As always when I start to write about a region in Greece I get bogged down by its history, and Lesvos is no exception. But I am of the opinion that history plays a big part in what we eat and how we perceive a local cuisine.
I try and guide my readers towards the diversity if Greek food and hope that not only the food but also the local culture and history is of interest; it becomes like a travel log and part history and myth and legend journey. I always hope that when people visit Greece that not just Mykonos and Santorini will be on their radar but they will hopefully think outside the box and visit other islands such as Lesvos that have a very rich culture, past and present.
Lesvos is no exception in its role in Greek history. The oldest ruins date back to 3200-3100BC. In Thermi, five towns have been unearthed on top of each other representing a time between 3200 to 2400BC. The first three correspond to Troy I and the other two to Troy II archaeologically, the next thousand years could be classified as the dark ages but we can safely assume that life did not go under major changes till the Greeks from Mycenae made their appearance in Lesvos and in Asia Minor. Being the time of the legendary Trojan war around 1400BC, somehow the Mycenaean’s, for whatever reason, did not create settlements on Lesvos.
A little later, Aeolian Greeks from Thessaly founded colonies on the island and on the coast of Asia Minor. According to myth the first Aeolian king was Lesvos, son of Lapithas, king of Thessaly and grandson of Aeolus. He sailed to the island from Thessaly and married Mithymna, daughter of the local King Macares, and from that time on the island was called Lesvos and we are told that they Hellenised the island.
Its capital Mytilene has been around since the Aeolians were there, along with five other towns at the time. During the Greek classical era Lesbos underwent many political changes thanks to the wars with Persia.
Lesvos often changed sides till they settled with the Athenian side, entering an alliance with them in 477BC. But the local battles continued as Samos revolted against Athens and between 440BC the power struggle continued for many years to come till Alexander the Great began to conquer Asia and the Lesvians lost no time to align themselves with him. They remained under Macedonian rule until the Roman invasion in 167BC, and the island prospered well into the Christian era – archaeologists have unearthed 57 basilicas to date.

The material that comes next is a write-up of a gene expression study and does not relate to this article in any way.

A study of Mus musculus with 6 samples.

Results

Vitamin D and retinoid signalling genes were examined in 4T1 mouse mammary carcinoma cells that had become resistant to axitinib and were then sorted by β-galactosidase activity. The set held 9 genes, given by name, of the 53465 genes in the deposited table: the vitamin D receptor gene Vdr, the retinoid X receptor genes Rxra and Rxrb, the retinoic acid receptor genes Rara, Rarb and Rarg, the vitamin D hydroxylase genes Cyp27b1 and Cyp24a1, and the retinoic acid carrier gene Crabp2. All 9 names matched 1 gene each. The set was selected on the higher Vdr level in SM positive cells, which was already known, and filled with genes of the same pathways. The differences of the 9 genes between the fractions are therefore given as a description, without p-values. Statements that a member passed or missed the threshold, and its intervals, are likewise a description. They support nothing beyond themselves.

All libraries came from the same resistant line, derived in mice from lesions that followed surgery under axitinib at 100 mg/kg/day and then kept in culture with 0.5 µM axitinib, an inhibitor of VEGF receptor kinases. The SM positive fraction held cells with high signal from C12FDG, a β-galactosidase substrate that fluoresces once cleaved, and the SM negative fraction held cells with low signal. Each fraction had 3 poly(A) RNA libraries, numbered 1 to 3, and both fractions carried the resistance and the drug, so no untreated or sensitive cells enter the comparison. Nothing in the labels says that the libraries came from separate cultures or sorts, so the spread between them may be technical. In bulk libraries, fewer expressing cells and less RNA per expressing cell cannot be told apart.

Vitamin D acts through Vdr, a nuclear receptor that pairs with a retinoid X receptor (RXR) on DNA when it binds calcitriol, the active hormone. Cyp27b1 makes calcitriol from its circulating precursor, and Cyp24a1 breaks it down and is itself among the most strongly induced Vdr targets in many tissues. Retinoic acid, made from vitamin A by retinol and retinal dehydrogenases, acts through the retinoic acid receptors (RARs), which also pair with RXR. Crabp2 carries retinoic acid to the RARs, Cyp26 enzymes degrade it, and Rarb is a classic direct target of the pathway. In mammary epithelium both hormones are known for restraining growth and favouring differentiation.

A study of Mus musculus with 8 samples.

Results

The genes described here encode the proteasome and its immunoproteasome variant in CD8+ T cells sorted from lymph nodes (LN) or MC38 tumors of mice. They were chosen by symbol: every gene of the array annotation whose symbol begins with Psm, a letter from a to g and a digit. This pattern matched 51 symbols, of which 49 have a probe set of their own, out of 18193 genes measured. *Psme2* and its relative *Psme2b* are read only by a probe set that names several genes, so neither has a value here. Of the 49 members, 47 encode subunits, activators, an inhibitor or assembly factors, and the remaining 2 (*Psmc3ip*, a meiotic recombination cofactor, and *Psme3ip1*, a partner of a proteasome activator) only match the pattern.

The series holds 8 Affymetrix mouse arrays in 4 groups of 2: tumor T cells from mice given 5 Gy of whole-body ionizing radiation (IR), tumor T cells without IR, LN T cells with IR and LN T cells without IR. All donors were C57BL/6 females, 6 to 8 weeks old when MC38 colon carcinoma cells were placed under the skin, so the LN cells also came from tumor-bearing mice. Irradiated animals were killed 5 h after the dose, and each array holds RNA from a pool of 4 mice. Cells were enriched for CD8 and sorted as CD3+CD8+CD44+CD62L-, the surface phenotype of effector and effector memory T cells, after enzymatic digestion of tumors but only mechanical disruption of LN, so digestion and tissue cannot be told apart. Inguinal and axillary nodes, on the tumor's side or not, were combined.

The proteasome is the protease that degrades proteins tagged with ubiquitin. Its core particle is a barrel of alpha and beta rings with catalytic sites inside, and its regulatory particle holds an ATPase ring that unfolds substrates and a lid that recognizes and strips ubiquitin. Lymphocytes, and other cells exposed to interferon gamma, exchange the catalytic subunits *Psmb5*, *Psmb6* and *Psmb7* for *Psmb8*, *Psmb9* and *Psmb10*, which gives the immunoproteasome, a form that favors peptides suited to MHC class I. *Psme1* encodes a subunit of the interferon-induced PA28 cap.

Lesvos was part of the Byzantine Empire in the Middle Ages and changed hands a number of times thanks to Slavic, Italian and Catalan invasions.
But thanks to its proximity to Turkey, Lesvos became an early Ottoman conquest, and was overtaken by the Ottoman Empire in 1462.
It returned to Greek leadership in 1912 and was flooded by Greek refugees from Asia Minor ten years later, giving it a uniquely mixed Middle Eastern and Mediterranean cuisine.
Lesbos is one of the most beautiful islands in the Aegean, with interesting modern culture, its capital Mytilene with its old Neo Classical buildings surrounded, as in all Greek cities and towns, with a modern concrete town. The villages of Molivos and Petra are Greek heritage-listed and have been since the ’70s. The petrified forest of Lesbos on the western tip of the island is possibly the largest of the petrified forests of the world, covering an area of over 150km and declared a national monument in 1985. Large, upright trunks complete with root systems can be found, as well as trunks up to 22m in length and as of spring 2014 the area was proposed for UNESCO’s tentative List of World Heritage Sites.
Lesvos has given us Odysseus Elytis, Nobel Laureate for literature 1979 for his poetry, the author Stratis Myrivilis, Eftaliotis in the 20th century and from the past Sappho, Alceus and Theophrastus.
The University of the Aegean is based on Lesbos with faculties spread out amongst Chios, Limnos, Samos and Rhodes. It was established in 1984 and is considered one of the most progressive in Greece and has won several awards in some departments. It has a Food Science Department, with its campus being in Myrina, Limnos.
But let’s get to the ouzo, of which Lesvos produces some of the best: Plomari, Pitsilidi, Dimini, Mini and Kefi are all local. Like its neighbours Lemnos and Chios, the cultivation of anise and of mastic have become essential for ouzo production.
Lesvos has many women’s cooperatives making sweets, liqueur, hylopites (pasta), preserving vine leaves and making olives, as well as embroideries.
Lesvos has an abundance of olive groves and from what I know supplies the region, especially Limnos, which is part of the Lesvos Municipality. Olive oil and olives are available in abundance. The island is also rich in seafood and with the Asia Minor and Italian influence, the culinary culture is rich and diverse.
I dug up some very interesting recipes but I’ve given you what I feel is easy to make here in Australia and in our homes, so they might not be so adventurous, but drying fish in the open with our flies here was not on my radar.